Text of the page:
It’s unfortunate that such a beautiful area is also home to the region’s nastiest political skirmishes. So it goes in Lincoln County, where before one government dispute is resolved another one hits the front page.
Earlier this year, in the tiny town of Troy, the council decided that the mayor didn’t play well with others, was often working unilaterally and may have been breaking the law. A recall petition was launched, a judge approved it and Donald Banning is no longer at City Hall.
I’m not taking sides on whether the recall was justified, but how it played out is, even in the words of residents there, “embarrassing.” And it has only worsened since, at least in terms of real-world ramifications. Part of the reason for Banning’s dismissal was that he attempted to fire City Attorney Charles Evans without consent from the council. Evans was dismissed anyway. And the city council hasn’t replaced him, which is as crazy as it sounds.
Right now, since there is no one to prosecute a variety of crimes – from DUIs to assaults – charges filed against lawbreakers are being dropped. If this reminds you of anarchy, it should. Because it basically is. The next scheduled city council meeting is July 16, so if you’ve ever wanted to throw an epic party in Troy, this would be a great week for that. I doubt anyone is prosecuting people for violating the noise ordinance.
Then there’s the city council in Libby, which one member recently referred to as “East Troy” (to me, that’s a bit of a stretch). There, its mayor and a city council member are at odds and publicly criticizing and privately deriding each other – I’ve seen their email exchanges.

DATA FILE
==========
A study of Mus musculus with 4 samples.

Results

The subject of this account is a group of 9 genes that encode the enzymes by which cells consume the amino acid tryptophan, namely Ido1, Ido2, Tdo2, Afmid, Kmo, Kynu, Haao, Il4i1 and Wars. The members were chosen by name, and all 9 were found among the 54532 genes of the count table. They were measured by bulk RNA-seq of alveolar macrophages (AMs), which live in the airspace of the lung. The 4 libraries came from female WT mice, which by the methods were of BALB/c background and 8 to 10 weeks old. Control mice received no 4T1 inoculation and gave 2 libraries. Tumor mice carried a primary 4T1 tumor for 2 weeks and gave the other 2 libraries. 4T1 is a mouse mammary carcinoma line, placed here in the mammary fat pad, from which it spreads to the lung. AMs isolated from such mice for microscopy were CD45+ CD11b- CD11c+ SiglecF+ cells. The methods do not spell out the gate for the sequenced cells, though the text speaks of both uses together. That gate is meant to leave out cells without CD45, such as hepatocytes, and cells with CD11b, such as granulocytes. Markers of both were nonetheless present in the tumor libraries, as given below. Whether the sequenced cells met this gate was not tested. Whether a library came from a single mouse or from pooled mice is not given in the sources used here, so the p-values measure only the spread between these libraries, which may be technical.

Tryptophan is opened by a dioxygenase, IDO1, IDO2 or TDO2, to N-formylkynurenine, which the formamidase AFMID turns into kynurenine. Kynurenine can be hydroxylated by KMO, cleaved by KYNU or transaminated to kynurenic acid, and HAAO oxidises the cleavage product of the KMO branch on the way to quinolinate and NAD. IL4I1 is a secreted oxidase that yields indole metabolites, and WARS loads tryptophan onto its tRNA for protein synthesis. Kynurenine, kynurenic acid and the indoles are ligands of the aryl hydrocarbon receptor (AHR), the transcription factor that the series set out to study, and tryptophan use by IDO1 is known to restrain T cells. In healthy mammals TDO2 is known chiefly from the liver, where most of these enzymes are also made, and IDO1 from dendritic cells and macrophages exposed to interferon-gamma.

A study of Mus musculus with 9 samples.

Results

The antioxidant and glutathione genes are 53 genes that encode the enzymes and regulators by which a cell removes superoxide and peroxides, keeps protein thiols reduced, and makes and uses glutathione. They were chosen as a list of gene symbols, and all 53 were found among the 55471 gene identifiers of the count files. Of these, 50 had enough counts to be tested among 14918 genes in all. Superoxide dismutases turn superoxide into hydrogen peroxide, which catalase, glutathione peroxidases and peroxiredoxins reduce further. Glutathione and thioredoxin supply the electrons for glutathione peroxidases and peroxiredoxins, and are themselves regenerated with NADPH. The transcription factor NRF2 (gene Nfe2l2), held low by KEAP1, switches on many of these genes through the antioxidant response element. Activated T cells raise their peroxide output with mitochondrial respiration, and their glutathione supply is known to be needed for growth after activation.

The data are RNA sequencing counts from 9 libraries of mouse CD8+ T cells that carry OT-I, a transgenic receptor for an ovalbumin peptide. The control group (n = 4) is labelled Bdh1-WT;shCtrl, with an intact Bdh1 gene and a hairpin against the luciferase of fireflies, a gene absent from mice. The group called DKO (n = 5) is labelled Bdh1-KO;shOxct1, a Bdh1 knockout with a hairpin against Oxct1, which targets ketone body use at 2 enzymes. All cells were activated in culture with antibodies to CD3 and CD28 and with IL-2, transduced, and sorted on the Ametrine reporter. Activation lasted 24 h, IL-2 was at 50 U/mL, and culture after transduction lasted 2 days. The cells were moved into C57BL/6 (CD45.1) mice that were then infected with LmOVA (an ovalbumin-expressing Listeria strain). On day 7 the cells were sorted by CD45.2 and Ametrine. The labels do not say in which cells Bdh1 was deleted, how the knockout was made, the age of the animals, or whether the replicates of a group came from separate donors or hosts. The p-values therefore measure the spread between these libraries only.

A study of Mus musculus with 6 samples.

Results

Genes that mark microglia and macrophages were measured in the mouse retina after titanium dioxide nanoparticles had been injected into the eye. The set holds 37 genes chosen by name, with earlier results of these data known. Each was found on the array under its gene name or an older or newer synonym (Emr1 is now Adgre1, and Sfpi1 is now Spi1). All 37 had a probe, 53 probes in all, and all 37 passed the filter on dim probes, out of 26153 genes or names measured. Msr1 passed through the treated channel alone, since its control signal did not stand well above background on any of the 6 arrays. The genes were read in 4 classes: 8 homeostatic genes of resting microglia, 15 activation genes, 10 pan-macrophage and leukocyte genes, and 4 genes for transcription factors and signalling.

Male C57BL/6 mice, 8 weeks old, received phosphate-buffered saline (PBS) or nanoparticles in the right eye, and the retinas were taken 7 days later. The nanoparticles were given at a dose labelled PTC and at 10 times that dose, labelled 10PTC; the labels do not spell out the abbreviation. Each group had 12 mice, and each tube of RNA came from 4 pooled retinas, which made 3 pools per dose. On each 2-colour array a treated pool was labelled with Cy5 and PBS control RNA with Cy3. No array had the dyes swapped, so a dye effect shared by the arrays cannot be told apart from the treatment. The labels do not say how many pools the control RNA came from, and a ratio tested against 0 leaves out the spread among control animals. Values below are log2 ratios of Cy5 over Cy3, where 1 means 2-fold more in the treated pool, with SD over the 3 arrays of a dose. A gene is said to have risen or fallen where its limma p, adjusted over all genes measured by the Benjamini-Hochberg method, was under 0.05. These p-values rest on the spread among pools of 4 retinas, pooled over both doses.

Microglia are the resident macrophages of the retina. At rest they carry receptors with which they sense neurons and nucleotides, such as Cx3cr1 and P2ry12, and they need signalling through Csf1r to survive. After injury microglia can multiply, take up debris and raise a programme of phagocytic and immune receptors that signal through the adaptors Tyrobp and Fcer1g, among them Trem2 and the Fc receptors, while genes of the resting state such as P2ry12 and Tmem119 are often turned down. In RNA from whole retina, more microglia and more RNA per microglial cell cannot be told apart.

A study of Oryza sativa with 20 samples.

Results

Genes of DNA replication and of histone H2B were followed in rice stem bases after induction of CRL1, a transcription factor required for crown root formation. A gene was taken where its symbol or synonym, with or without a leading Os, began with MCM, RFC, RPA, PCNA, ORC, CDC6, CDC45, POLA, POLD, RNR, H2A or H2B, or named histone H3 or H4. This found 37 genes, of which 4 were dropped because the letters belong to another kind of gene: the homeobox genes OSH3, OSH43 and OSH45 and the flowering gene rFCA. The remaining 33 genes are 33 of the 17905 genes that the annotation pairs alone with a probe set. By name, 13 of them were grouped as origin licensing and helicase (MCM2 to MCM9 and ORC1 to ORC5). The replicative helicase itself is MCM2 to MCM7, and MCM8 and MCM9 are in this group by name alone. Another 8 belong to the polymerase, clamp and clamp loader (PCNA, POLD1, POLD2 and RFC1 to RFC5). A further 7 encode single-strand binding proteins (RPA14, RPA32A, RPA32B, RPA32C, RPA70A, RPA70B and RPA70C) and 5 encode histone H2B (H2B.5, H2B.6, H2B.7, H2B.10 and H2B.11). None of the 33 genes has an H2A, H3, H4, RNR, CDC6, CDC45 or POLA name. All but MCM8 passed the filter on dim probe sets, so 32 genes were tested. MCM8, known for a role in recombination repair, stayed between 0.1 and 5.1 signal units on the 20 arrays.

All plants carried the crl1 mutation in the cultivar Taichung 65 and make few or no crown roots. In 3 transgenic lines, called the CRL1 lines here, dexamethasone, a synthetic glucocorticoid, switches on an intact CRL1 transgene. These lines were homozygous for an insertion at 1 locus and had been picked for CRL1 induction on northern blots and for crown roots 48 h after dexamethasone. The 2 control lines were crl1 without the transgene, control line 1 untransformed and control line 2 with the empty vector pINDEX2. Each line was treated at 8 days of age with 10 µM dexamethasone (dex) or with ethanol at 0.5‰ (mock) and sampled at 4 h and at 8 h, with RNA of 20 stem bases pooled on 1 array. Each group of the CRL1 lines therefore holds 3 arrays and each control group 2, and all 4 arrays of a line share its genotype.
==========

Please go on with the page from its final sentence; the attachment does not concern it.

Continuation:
One source of contention is Councilor Allen Olsen’s claim that Mayor Doug Roll won’t put him on any committees. Roll says Olsen is difficult to work with and gamed the system to get elected to the council in the first place. Olsen acknowledged renting a house within city limits so he would qualify to run for office.
Olsen has called Roll a “dictator” and made a variety of accusations against the city, such as not disclosing public records and misappropriating tree funds. But the argument appears to be a lot more about petty differences than substantial policy.
Down the road in Cabinet View, an area just south of Libby, a longtime dispute between a nonprofit volunteer fire department and Lincoln County Board of Commissioners has resulted in a lawsuit and a variety of accusations.
The Cabinet View Fire Department, which already responded to structure fires, began self-dispatching to medical incidents and car accidents because it could get to them faster and believed it was their duty. Other first responders in the area disagreed, saying that the volunteer department is not qualified and doesn’t have a transport agreement with an ambulance service.
According to Cabinet View officials, the Libby Volunteer Ambulance has refused to partner with them. But Libby Ambulance counters, “they’ve never even had the courtesy to ask our board of directors.” At least one side is being less than truthful. But it may not matter, since Lincoln County commissioners voted to dissolve the fire service area.
Earlier this year, government officials and businesspeople met to brainstorm ways to draw more tourists to Lincoln County, which has the highest jobless rate in the state at 13.2 percent. The pristine area sells itself and there were several good ideas as how to lure more vacationers there. But it’s difficult to focus on relevant issues when the local governments border on dysfunctional.
And the citizens of Lincoln County deserve better.